I recently read an article about computer-driven cars and, ever since, have been fascinated and borderline obsessed by the concept. On the streets of Pittsburgh just outside the doors of Confluence’s corporate headquarters there are Uber cars driving themselves as part of a test to advance this concept of self-driven cars. At some point in the very near future we will live in a society where only computer driven cars occupy our streets.
To think that something so important to our everyday life is about to undergo such a drastic change is remarkable. One can only imagine that at some point in the not too distant future, the government will create rules and regulations stipulating – even mandating – that only computer driven cars are manufactured and used. Think about it! When this becomes a reality, the world we know as it relates to transportation will be nothing like today. No more traffic lights or stop signs, no more human error leading to car accidents, no more road rage or exchanges by frustrated drivers.
One could say that the exact same thing is happening to the fund reporting industry. Over the course of the past 15 years, the Securities and Exchange Commission (SEC) has been slowly moving us from human-readable output to computer/machine-readable output. With Form N-MFP and Form PF, the SEC has us well down the path of creating consistent formatted data reporting for their consumption and analysis, and separate from the reporting expected to be sent to and read by human beings. In 2015, with the SEC fund reporting modernization proposal, the SEC doubled down on that concept and pushed us even further down the path.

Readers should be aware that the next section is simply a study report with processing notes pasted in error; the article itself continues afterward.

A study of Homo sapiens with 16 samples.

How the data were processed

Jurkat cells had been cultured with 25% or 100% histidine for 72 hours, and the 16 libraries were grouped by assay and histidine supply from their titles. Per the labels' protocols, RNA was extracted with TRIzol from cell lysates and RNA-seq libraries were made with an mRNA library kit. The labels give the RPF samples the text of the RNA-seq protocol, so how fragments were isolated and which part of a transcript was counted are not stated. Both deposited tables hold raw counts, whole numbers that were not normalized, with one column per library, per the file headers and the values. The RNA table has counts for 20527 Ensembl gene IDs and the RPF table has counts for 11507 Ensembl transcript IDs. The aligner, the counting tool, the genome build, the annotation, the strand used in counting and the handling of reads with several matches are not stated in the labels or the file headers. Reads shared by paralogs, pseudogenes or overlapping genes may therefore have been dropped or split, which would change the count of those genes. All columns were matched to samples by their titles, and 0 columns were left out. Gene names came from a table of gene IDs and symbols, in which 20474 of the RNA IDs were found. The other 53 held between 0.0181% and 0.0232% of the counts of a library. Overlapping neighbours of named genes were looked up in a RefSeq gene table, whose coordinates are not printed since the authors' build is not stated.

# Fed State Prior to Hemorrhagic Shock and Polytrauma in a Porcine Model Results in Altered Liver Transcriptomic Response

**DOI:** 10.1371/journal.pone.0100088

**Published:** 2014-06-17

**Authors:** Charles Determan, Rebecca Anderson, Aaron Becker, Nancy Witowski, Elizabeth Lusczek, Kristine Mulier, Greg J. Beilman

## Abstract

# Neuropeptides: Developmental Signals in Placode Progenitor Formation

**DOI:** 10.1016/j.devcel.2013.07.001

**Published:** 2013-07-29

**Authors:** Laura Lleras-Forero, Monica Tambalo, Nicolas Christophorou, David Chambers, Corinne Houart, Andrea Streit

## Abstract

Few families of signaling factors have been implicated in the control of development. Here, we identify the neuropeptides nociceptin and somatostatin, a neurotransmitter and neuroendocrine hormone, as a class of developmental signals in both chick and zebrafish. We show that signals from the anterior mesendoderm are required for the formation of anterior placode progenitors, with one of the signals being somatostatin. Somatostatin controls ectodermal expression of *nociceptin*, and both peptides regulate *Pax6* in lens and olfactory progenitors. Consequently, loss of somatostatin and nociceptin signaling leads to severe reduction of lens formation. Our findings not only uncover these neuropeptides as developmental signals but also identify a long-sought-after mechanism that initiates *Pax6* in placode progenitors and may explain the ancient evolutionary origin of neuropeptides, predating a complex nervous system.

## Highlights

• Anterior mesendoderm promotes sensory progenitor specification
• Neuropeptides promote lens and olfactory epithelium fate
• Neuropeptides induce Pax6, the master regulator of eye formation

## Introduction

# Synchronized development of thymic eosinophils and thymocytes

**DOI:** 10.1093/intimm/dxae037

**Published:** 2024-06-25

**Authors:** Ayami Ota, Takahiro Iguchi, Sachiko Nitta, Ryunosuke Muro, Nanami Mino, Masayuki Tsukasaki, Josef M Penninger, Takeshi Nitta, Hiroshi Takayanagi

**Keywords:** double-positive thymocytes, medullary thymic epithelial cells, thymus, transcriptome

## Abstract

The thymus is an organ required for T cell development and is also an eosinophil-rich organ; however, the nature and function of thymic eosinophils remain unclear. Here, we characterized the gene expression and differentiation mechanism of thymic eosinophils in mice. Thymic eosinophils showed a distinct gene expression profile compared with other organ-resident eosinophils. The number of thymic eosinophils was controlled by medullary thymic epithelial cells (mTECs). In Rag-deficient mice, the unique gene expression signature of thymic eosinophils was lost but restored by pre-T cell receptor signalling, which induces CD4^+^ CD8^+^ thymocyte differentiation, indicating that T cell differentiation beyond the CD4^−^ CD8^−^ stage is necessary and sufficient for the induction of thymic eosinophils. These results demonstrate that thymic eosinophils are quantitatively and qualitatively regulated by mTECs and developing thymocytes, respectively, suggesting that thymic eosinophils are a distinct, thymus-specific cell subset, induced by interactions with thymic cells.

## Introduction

One can envision a world where we no longer have human-readable, highly stylized output, but instead our focus narrows only to the data and the analysis thereof. When this becomes a reality, the world that we know related to reporting will be nothing like today. No more detailed review of output and reports, but instead a focus on systemic reviews of the data based on predetermined business rules, no more fancy artistic book covers, no more haggling over colors and fonts and shapes and sizes, no more printing and mailing. While this future may look stark, it lives in a world where shareholders ultimately benefit from the prevalence of computer-generated analytics and comparatives and less on subjective human analysis and interpretation.
I am fascinated by where we are heading, but also concerned about that muddy place in the juncture between where we are today and where we will be when we get there. I expect that it will be an interesting (yet sometimes terrifying) journey as well as a tremendous challenge to have both computer-driven cars and human drivers occupying the same space on the road. I also expect the journey for the fund industry to produce human-readable and computer/machine-readable reporting simultaneously to be both intriguing, but even more importantly, costly.
The challenge that we have as an industry to be equally focused on data and the accuracy of information sent to the regulators, and to also ensure that we continue to deliver highly stylized human-readable reports to the market is daunting. Until the regulators fully move us into a world consisting only of machine-readable output (that admittedly, eventually becomes human readable in some consistent and comparable format, but I digress, that is the topic for another blog), unless we have technology solutions for this challenge, we may see our own form of cars colliding in an unexplainable accident.
Although I never thought that I would say this, when I think about this journey, it makes me realize that I am much more in favor of regulation in the fund industry than I have ever been. In a world where the SEC demands computer/machine readable data, but does not regulate and eliminate human-readable reporting, the fund industry bears tremendous and unnecessary cost. I, rather naïvely at times, dream of a world where the regulators in the transportation space, who can be innovative and forward thinking, would sit down for drinks with the SEC commissioners and help push them to drive a more futuristic world. I hope to one day see that as the top story on every news site in the world while I am browsing on my iPhone in my car that is driving me to work.